Developer: A Crowd of Monsters
Publisher: A Crowd of Monsters
Platform(s): PC [Reviewed], Xbox One
Release Date: April 8, 2016
Price: $4.99 USD ($19.99 for the full season)
Disclaimer: The following game was reviewed on PC via Steam. A code was provided by the publisher for review purposes.
Editor’s Note: The following review is an episodic release and may contain spoilers. Proceed at your own risk.
Blues and Bullets is a game that works when it prioritizes style over substance. Like a theme-park ride, if you let yourself be carried along by the dark noir tale it can be a real joy. But look too closely at any one element, and it begins to unravel.
Unfortunately, Blues and Bullets Episode 2: Shake the Hive makes us stare too long in the same places, failing to drive the story forward at the pace it demands. The first episode succeeded because it built so much atmosphere and created a certain urgency and dread. From the scenes of the captured children in the underground cells to the horrific ritual murder investigation, an infectious sense of unease lingered over the game. Episode 2, by contrast, slows down with numerous flashbacks and dream sequences. While it does progress the plot, and has its wonderful moments, it feels at times as slow as protagonist Eliot Ness’ own dreadfully slow walking speed.
This lack of pace exacerbates the mechanical problems of the numerous gameplay elements introduced in the first episode. Where the on-rails shooting sequences of the first episode were relatively brief, Episode 2 drastically increases the shooting content. Unfortunately, it’s no better here than it was before.
In these sequences, Ness automatically runs to cover while a bunch of harmless enemies run into the room. You pick them off one-by-one at a leisurely pace. You can switch cover, but there’s never any need to, as the enemies will never try to flank nor will they otherwise pose any threat. These sequences also undermine the otherwise tense atmosphere by making Ness into a Rambo-esque action hero capable of taking on an entire army by himself.
Other elements, like quick-time fight scenes and a single crime scene investigation also return. It’s clear that developer A Crowd of Monsters is beginning to establish a formula for their episodes, and there’s a sense of repetition that hopefully future episodes will avoid. Once again, the best part of the episode is that crime scene investigation, which is more complex this time around, and requires some thought from the player. While it’s not as grotesquely interesting as that of Episode 1, and feels like it was made horrific simply for the sake of being horrific, it still manages to nail the atmosphere and put Ness in his element.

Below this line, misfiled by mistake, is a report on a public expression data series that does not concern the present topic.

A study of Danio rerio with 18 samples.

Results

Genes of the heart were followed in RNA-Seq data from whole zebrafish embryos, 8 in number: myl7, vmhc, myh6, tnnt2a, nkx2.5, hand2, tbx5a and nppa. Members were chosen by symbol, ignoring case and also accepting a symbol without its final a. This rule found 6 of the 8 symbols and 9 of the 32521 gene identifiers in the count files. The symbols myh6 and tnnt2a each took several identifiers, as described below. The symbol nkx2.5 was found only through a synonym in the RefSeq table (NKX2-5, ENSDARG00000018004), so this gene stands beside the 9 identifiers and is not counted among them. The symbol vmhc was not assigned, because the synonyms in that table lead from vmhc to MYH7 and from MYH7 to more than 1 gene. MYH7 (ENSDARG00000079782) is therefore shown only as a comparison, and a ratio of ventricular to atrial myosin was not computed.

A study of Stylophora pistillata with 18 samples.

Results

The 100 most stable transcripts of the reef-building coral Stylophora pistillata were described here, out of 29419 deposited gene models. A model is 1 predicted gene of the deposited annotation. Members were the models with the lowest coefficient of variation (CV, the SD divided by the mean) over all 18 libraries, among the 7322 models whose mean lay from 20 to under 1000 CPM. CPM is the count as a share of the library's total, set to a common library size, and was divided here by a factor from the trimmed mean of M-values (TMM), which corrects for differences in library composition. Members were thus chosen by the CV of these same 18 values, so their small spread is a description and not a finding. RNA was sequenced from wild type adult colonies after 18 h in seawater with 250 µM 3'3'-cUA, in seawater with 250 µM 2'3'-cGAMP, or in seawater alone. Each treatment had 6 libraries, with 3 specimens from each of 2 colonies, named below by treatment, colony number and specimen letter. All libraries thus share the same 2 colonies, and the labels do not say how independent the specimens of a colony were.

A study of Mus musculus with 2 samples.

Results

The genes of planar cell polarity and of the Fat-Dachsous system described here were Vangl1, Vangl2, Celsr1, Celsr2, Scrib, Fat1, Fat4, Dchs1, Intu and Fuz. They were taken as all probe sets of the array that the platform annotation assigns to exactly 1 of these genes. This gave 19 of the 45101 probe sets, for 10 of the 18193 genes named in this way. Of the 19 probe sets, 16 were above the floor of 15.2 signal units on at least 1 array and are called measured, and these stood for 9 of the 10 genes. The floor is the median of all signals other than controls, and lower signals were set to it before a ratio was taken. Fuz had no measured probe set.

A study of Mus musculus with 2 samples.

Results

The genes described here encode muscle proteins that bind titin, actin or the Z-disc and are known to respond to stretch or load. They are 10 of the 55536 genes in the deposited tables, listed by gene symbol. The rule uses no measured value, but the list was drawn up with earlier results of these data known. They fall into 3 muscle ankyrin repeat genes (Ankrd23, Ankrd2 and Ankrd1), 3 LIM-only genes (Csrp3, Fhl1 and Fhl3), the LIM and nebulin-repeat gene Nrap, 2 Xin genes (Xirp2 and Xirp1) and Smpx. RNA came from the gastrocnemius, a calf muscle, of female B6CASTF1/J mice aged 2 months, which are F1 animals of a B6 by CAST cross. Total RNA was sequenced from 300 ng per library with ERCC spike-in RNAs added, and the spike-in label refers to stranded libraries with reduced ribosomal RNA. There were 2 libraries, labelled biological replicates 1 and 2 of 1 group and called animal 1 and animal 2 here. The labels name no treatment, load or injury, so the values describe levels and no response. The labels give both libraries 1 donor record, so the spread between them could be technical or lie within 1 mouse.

The story doesn’t work quite so well as last time, but it’s still an enjoyable ride. The episode opens with a flashback to Ness past in which he goes on a date with his mistress, the wife of his partner in the police. It’s a fairly mundane scene, and it fails to set the tone for the rest of the story that only really hits its stride in its final moments. There’s another long flashback as well, which fills us in on some of the details of how they brought down Al Capone long before the current story begins. Hopefully these elements are working towards some future payoff, because as they stand, they tend to slow down the narrative momentum that other scenes try so hard to build.
Ness’ self-loathing and inner demons also resurface in this story, but they’re sadly not very well-integrated into the plot-arc. We go through a nightmare scene that successfully builds dread and hits the right notes internally, but its placing in the sequence of events doesn’t add up. It’s not quite clear why Ness is facing these crises of the mind at this particular moment, and the juxtaposition can be jarring.
Fortunately, there are a few wonderful scenes at both the beginning and end of the episode, even if they’re undermined by the ridiculous bombast of surrounding shooting sequences. Once again, the visual composition of the scenes is brilliant, while the writing and voice-acting remains mostly effective. There are still times when the dialogue or delivery will suddenly change tone, or when lines will verge on self-parody, but these appear to largely have been smoothed out.
One minor issue arises due to the sheer amount of time between the release of the first episode and this one. After more than six months, it’s difficult to dive back into an atmospheric crime drama. While the game does begin with a brief recap of events, it’s not enough to bring you back into the story and reintroduce you to all of the characters. Hopefully A Crowd of Monsters can get these episodes out frequently enough that it doesn’t seem necessary to hunt down a plot summary just to follow the action in the latest installment. Otherwise, a more complete optional recap at the start would be especially helpful.
Overall, Blues and Bullets Episode 2: Shake the Hive delivers much of the same as Episode 1, but with a little bit less style. It focuses too much on elements that feel tacked on, like the shooting scenes and quick-time events, and delivers story elements more inconsistently.
There’s brilliance here, to be sure, but it comes in momentary spurts, and it lets itself be too often interrupted by uninspired gameplay and unnecessary flashbacks. If you enjoyed the first episode, then the second is an easy recommendation. But for those still thinking about diving into the series, Episode 2 suggests a bit of movement in the wrong direction. A few minor tweaks for the next episode can easily right the series’ course, and I look forward to jumping back into Ness’ shoes again to see where this ride is taking me.